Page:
See straight through fraud and scams. Here are the latest ways dishonest people are trying to trick you into handing over your money.
Fake telephone calls
Fraudsters call often pretending to be from the bank and encourage you to give your personal details, such as PIN and mobile banking.
Fraudsters send emails pretending to be from a trusted organisation but they’re asking you to give away personal information.
Text message fraud
Fraudsters send texts pretending to be from a trusted organisation telling you a payment hasn’t been made to get your information.
BBC Be Scam Safe
Don’t respond to any unexpected call, email, or text, without checking first. If it’s out of the blue, check it’s for you
- If it’s a call, hang up, find a number you can trust, and call back on that
- If it’s your bank, you can call back using the number on the back of your card
- Or, if concerned, dial 159 to be connected securely to most UK banks
Stop and get a second opinion if you’re being forced to make a decision, or if you feel rushed
- No legitimate organisation will object to you asking a friend, family member, or colleague for an opinion. Nor will it object to you saying no, or delaying your decision
Report every scam
- Even if it didn’t work on you, reporting helps other people
- Forward suspicious texts to 88355 , and emails to email@example.com
- Report fraud directly to companies involved, so they can alert other customers
For more information go to www.bbc.co.uk/bescamsafe.
Types of fraud
Fraudsters get hold of enough personal information about you in order to impersonate you.
Fraudsters manipulate people so that they hand over personal information such as, passwords and banking details.
Fraudsters gather enough information about you and convince mobile networks to move your mobile number to their device, giving them access to personal passcodes.
ATM & cash machine fraud
Fraudsters use cash machines to steal your data and even your credit or debit card to make fraudulent transactions
Fraudsters often make promises of great returns when investing in their schemes, which often don’t exist or are worthless.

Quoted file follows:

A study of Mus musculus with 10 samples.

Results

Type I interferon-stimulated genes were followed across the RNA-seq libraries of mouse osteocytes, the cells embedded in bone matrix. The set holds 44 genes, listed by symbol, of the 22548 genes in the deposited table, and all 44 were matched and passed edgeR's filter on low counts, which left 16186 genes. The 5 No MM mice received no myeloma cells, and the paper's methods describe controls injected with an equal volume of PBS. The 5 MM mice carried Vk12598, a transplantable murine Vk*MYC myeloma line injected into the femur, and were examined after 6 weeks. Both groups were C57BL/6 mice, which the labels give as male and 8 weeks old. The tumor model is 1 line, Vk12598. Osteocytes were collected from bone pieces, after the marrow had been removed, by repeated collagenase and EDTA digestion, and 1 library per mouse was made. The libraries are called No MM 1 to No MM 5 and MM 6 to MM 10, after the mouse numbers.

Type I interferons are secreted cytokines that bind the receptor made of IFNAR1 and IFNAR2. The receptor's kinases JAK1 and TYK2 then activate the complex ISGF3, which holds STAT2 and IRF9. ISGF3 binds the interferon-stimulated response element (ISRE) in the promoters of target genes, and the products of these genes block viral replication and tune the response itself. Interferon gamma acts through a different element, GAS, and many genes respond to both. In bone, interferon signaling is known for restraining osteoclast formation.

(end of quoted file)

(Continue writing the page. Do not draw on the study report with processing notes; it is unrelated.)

When offers are too good to be true
Purchase scams are when fraudsters target you with tempting offers on the latest phones and designer goods. These ads come across as very convincing and ask you to pay for items that will never arrive.
Types of scams
Romance scams occur when a criminal uses a fake online profile to form a relationship with you. Often the relationship is built up over weeks or months.
Scammers are capitalising on the growing attention cryptocurrency is attracting, by offering fake investments that don’t really exist or aren’t worth the money.
Cost of living scams
The inflation rate has been pushed to its highest level in four decades and it’s more important now than ever to be vigilant of possible fraud and scams.
Criminals impersonating the bank or police is one of the most common scams we see. It can have a devastating impact on victims so it’s vital you can spot these before it’s too late.
Targeting those who have access to their pension. People are encouraged to move their funds with the promise of better returns. These funds are then stolen.
Get-rich-quick and refund scams
Fraudsters advertise services online to show how you can get quick cash for cancelling a direct debit. However, these claims are false, and you’ll be left out of pocket.
Sign up to our Keeping Your Money Safe events
Learn more about how to stay safe from fraud and scams by joining one of our online customer events. Our experts will take you through everything you need to know, and can answer any of your questions.